Day 7

Holy cow!

Bit of a reality check for me.... Today I remembered a few things about construction, wood is heavy, and it's very expensive.

4x6's are really heavy, especially 4x6x10's...sort of like carrying a tree or something. ;)

I spent a good deal of my night Friday trying to come up with an accurate list of everything I would need for the trailer extension, and then that spilled over to the sub floor. One final look at the trailer this morning, a few last measurements with Sterling, and we set off for Friedman's.

I love Friedman's, always have. They're a local company that truly cares about maintaining a happy workforce. They do that by paying them better than the average big box store, and by sustaining a family like work environment. It shows too, in the attitude their staff project, and the knowledge that they have for what they're selling. It makes it easier to give them the kind of money I spent today.

Here's nearly everything I'll need, sans the tar paper (still in the car), and the galvanized aluminum flashing I've yet to buy (forgot that on my list).

Thanks goes to Ursula for letting me store it in her garage. I promised her it would all be on the trailer in the next couple of weeks.

So much for building the extension this weekend, by the time we picked, purchased, paid, and brought home all the wood and matching hardware, I was exhausted. With grocery shopping still in need of being done, and some preparations for Easter Sunday needed. I called it a weekend.

Next week, we build and install the trailer extensions.

Sunday, April 13, 2014

Day 6

OK, nothing physically has been done this weekend to the trailer, but...

I've been trying to determine how to extend the bed of the trailer, and for that extension to provide real sub floor and wall mounting strength. Saw some good ideas, thought of some real impractical ones, hemmed and hawed... I think I have a plan.

I'm going to frame two sets of extensions, one for each side. They'll be comprised of treated two by fours and four by fours, mounted with large threaded bolts that will not react with the treated lumber (no-rust), and look something like this...

I spent Saturday learning how to use SketchUp, again..., to any of you who haven't tried using this to help design your tiny house, I highly recommend it. It helps to be able to use real dimensions, and 3D imaging to get a sense of just how things need to fit together. For free software, you can't beat it.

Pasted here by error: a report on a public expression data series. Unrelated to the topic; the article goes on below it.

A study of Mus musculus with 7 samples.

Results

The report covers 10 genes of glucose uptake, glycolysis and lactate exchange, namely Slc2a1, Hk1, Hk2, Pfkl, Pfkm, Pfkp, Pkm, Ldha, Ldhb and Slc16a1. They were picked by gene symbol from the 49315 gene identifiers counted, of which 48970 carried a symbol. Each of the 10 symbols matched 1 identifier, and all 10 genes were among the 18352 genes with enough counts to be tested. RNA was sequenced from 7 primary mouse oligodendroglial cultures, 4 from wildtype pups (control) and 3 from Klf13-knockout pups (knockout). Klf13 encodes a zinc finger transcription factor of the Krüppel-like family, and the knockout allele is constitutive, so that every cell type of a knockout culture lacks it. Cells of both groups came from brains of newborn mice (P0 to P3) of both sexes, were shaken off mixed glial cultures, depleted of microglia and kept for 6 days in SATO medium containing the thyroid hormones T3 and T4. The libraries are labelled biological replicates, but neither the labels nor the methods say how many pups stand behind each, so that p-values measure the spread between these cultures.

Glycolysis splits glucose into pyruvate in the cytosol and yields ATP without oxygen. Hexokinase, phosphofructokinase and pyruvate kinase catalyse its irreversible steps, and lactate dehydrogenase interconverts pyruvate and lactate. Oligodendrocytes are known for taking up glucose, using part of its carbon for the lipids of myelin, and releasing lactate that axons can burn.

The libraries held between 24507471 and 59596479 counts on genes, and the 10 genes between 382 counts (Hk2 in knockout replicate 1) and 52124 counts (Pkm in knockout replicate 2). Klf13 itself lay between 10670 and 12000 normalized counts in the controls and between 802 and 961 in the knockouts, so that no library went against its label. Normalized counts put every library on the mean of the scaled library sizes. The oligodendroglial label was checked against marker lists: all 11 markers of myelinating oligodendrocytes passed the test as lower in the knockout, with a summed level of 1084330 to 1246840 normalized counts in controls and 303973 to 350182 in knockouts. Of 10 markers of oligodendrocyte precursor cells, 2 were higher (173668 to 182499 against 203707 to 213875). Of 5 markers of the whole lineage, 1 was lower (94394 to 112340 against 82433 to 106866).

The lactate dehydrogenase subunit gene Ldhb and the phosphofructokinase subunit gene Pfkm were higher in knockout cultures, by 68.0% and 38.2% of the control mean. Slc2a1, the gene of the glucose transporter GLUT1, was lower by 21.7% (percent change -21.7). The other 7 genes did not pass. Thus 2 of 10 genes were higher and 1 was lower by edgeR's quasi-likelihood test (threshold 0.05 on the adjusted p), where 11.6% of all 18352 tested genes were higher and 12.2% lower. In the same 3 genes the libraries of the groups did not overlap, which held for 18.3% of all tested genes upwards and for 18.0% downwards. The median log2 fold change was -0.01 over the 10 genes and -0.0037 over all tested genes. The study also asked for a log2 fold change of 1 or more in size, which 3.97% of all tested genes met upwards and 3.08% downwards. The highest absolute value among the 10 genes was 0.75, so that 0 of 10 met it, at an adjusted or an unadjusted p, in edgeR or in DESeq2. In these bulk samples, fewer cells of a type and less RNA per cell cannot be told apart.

I even went so far as to explore how the subfloor would be installed, and realized that the Tacks tiny trailer, has a lower wheel well. It's inches lower than mine, and subsequently the subfloor completely covers it. I.E. - no inside intrusion.

Mine are higher, and because I'm purposely extending the deck to gain as much indoor square footage (to allow for a narrow staircase), I will likely have some of the wheel well showing through the interior wall. I suspect that it will be very little, and that I should be able to cover much of it up.

Here's the trailer with the sub floor...

Next up...actually buying the material, building and installing the trailer extensions. :)

Tuesday, April 8, 2014

Day 5

Yeah, I know what many of you are thinking, "Sheesh! How many shots of the trailer do we have to endure?"

Sorry, it seems without having paid a fortune for the custom trailer I'd originally wanted, there's a bit of prep work before you can even start with the subfloor. While it doesn't seem like much has happened, I think it's coming along just fine.

So where are we at? Take a close look at this picture...

As you can see, we've removed half of the trailers deck boards. This is a procedure that seems to be universally recommended. Not sure exactly why, might have to do with moisture and ventilation, it certainly removes excess weight. This process also allowed me to get a better look at its overall construction. I found things I liked, and sadly one thing I found to be very disappointing.

On the plus side, lots of steel framing. If you pay careful attention to the picture, you'll see it's spaced every foot, down the length of the trailer. Love it!

On the bad side, the long square headed screws that they used to secure the pressure treated wood to the steel frame, were not a good choice. They were very rusty, with quite a bit of rust build up between where the wood, the frame and the screw came into contact.

I was worried about that, I'd expected a little rust from having suffered outside this winter with the small amount of rain we did get, but was not prepared for what I saw initially. Fortunately the rust was minor, and what couldn't be brushed away with my hand was easily ground away with the 4.5 inch grinder. I followed up with Rust-Oleum spray, specifically designed to attach well to rust and create a protective barrier. Needless to say, I feel much better now.

I toyed with replacing all the screws on the remaining deck boards, and still might, I'll have to check on Sterlings expert opinion.

Next great prep of the trailer prior to the actual subfloor installation, will be extending the width of the trailer, to nearly the edge of the wheel wells.